The Ohio Senate voted 21-9 on Tuesday in favor of sweeping reforms for the payday lending industry, 10 years after Ohioans overwhelmingly embraced strict limits on how much lenders could charge.
The bill co-authored by Republican Springfield representative Kyle Koehler was approved by the Ohio House in June, but there was a concern by supporters that the Senate would make major changes to the legislation.
That didn’t happen.
“I am very pleased that instead of replacing it or starting from scratch, (the Senate) took the structure of House Bill 123 and really didn’t change the structure at all,” Koehler said.
Koehler said he feels the changes made the bill stronger, allowing payday lenders to make money while still protecting consumers.
“I plan on standing on the floor and asking my colleagues to vote for concurrence,” Koehler said, meaning he hopes the legislation passes and makes it to the governor. “I believe that we have the votes and we are very excited.”
The new reforms would impact roughly 1 million Ohio consumers who take out the short-term loans.
There are 13 such stores are in Springfield and Urbana, many clustered on East Main and South Limestone streets. Ohio in all has more than 830 storefronts that offer payday or car title loans, most of which offer both forms of loans, according to a report by the Center for Responsible Lending.
“This is a pro-consumer bill,” said state Sen. Oelslager, R-Canton. “We have to do this to protect Ohioans as we move forward.”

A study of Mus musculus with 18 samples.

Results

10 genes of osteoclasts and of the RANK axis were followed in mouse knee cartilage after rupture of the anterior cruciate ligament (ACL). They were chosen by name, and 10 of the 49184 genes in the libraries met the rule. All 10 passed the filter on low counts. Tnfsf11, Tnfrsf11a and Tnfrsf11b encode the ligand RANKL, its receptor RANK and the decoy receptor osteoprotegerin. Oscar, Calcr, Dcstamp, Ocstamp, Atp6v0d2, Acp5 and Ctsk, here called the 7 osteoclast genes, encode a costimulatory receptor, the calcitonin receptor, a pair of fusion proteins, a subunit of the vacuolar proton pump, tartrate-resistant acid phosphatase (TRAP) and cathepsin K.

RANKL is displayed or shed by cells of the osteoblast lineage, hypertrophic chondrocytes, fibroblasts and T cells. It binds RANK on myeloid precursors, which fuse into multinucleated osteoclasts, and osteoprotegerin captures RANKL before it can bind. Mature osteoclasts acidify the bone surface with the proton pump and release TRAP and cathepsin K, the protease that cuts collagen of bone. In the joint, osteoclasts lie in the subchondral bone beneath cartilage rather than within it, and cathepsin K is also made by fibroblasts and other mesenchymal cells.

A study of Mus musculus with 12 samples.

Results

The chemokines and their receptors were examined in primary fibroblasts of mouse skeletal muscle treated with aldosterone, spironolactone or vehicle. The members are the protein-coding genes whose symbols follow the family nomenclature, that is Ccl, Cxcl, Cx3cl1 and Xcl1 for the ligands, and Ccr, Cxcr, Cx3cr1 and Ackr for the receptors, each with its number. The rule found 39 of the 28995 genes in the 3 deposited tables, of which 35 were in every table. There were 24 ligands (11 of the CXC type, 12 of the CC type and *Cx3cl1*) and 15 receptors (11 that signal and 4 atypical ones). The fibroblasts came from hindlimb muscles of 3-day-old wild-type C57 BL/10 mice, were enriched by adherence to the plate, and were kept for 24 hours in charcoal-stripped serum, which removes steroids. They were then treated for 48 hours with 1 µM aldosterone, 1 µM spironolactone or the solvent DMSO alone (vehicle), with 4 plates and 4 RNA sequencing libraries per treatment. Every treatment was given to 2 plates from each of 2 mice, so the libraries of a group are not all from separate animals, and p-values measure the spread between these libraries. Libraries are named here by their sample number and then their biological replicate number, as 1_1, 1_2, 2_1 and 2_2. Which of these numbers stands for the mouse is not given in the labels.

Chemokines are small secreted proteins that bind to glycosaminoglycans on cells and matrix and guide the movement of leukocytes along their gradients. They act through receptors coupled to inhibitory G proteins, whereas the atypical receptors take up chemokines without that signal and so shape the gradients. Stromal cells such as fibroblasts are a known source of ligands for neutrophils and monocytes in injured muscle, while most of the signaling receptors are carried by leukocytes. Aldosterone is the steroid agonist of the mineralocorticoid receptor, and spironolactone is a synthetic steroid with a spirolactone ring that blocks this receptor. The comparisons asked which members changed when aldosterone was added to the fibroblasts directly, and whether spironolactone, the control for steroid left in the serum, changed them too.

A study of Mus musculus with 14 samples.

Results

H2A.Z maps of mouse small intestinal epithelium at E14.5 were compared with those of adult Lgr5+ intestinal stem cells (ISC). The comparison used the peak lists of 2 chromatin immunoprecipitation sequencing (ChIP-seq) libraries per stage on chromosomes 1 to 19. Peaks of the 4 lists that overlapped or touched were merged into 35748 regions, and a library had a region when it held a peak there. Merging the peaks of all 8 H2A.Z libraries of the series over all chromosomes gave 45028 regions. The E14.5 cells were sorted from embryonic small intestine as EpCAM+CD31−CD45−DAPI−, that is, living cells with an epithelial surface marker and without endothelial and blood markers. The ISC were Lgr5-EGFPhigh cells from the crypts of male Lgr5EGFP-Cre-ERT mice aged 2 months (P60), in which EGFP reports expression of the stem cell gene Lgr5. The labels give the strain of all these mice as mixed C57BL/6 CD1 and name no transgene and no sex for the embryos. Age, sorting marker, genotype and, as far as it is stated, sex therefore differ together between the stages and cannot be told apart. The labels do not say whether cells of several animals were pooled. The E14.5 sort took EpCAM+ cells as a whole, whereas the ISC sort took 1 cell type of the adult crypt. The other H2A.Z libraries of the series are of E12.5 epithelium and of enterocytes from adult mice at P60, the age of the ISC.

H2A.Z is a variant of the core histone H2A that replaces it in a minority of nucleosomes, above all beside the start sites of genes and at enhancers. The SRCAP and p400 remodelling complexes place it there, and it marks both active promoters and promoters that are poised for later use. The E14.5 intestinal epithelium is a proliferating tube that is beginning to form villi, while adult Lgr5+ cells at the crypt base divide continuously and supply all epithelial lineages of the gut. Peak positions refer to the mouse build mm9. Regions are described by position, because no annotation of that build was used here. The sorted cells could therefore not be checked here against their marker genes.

Ten years ago, lawmakers passed a 28 percent APR cap on short-term loans but lenders used a loophole to issue high-cost loans through other sections of state law.
“They’ve been gouging Ohioans ever since,” said state Sen. Vernon Sykes, D-Akron.
State Sen. Bill Coley, R-West Chester, opposed the bill, saying, “Flat out: It’s a bad idea.” He said it’s ridiculous to think that any provisions in bill will stem the demand for payday and auto title loans.
House Bill 123 now returns to the House for consideration of Senate changes. Representatives are scheduled to return to Columbus in September.
The latest version calls for limiting loans to 12 months and principals of $1,000, restricting interest and fees on a loan to no more than 60 percent of the principal, closing a loophole used by lenders that led to some of the highest-cost loans in the country and limiting repayment schedules on loans of more than 90 days to 7 percent of the borrower’s monthly net income.
Also, loans that are secured with an auto title would be prohibited.
Koehler and Michael Ashford, D-Toledo, introduced their bill in March 2017, but the bill sat dormant for months. Ohioans for Payday Loan Reform, a coalition of more than 50 civic, business and faith leaders, launched a campaign to put the issue on the statewide ballot.
It became a political hot potato in April when it became public that the FBI is investigating then Ohio House speaker Cliff Rosenberger’s international trips that were underwritten in part by payday loan companies. The Clarksville Republican resigned April 10 and the FBI raided his home and storage unit in May.
The reforms are vehemently opposed by the payday lending industry. Lenders and their lobbyists as well as consumer advocates and their lobbyists have been working the halls of power for months on HB123. The bill has gone through whipsaw moments when momentum rapidly shifted from one side to the other.